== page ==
Refinancing: A Renaissance in Your Pocketbook

Posted by  on Apr 16, 2009
Interest rates are low, lower than historical precedent. This is one perfect reason to refinance. But there are lots of reasons you might want to refinance. One of the main reasons homeowners refinance their mortgages is to take advantage of lower interest rates. If rates have lowered since the time of your original mortgage you may refinance your mortgage at a better rate and therefore reduce your monthly payments. You may opt to refinance as a source of obtaining money at a low interest rate.

Another reason to refinance is to switch to an adjustable rate mortgage with high or no limits on interest rate increases to a fixed rate mortgage which provides the predictability of knowing exactly what your mortgage payment will be for the life of the loan.

Before you refinance, it is important to determine the best type of a new mortgage. The type of mortgage loan you select will depend on how long you expect to continue living in your current home and the amount of monthly payment you can comfortably afford.

An Adjustable Rate Mortgage traditionally offers lower interest rates during the early years of the loan than fixed-rate loans. A Two-Step Mortgage will give you a lower interest rate than a 30-year mortgage for the first five or seven years. A Balloon Mortgage offers lower interest rates for shorter term financing, usually five or seven years.

If you don't plan to stay in your house for at least 5 to 7 years, it will be reasonable to consider an Adjustable Rate Mortgage, Balloon Mortgage or Two-Step Mortgage. You can start to consider 15- or 30-year fixed rate mortgages if you plan to stay in your home for more than seven years.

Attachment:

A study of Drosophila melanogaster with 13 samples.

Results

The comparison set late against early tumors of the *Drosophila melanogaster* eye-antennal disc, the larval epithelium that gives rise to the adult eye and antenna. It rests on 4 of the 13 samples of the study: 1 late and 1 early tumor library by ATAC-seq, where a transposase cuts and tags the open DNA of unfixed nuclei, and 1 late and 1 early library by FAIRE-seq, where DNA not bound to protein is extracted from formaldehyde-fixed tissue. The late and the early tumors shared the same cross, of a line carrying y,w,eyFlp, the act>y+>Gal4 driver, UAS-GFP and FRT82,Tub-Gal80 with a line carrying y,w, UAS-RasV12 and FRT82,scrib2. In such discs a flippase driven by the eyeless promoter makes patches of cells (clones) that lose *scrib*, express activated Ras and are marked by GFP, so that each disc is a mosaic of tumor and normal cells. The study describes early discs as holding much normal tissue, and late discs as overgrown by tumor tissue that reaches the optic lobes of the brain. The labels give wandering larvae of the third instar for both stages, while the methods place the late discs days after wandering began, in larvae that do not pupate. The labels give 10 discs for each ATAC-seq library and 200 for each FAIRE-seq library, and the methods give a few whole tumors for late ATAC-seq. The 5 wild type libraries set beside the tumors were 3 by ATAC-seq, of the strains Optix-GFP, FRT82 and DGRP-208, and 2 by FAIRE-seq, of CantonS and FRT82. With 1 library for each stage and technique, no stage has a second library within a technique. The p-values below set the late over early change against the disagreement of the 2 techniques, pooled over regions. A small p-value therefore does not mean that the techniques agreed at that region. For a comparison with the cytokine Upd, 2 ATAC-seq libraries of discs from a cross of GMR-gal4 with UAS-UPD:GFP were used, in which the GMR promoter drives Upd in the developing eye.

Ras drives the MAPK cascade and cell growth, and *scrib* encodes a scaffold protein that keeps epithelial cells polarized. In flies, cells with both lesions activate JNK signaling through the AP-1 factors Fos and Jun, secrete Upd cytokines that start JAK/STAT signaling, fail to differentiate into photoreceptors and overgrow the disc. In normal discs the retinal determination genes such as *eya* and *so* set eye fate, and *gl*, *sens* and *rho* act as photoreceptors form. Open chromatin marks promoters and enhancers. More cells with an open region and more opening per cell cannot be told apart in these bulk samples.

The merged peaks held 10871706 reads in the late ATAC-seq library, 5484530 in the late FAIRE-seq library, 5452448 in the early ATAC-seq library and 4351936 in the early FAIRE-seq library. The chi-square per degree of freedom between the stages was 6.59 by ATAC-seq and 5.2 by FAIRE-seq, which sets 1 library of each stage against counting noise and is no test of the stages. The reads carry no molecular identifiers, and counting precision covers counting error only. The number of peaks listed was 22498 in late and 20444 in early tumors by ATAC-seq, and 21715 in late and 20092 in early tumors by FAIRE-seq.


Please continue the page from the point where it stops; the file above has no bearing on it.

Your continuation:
In reality, refinancing a mortgage is simply taking out a new mortgage. You will encounter many of the same procedures and the same types of costs the second time around. The refinancing process will remind you of what you went through in obtaining the original mortgage.

To figure out whether it pays to refinance, you must calculate the total refinancing costs and answer the question that may help you decide: How many months will it take to break-even? You should consider refinancing if you plan to stay in your home for more than the time it takes to break-even.

It may not always be a good idea to refinance. The greatest deterrent to refinancing could be a prepayment penalty on your present mortgage. The practice of charging money for an early pay-off of the existing mortgage loan varies by state, type of lender, and type of loan. Laws in many states prohibit or limit mortgage prepayment penalties. The mortgage documents for your existing loan will state if there is a penalty for prepayment.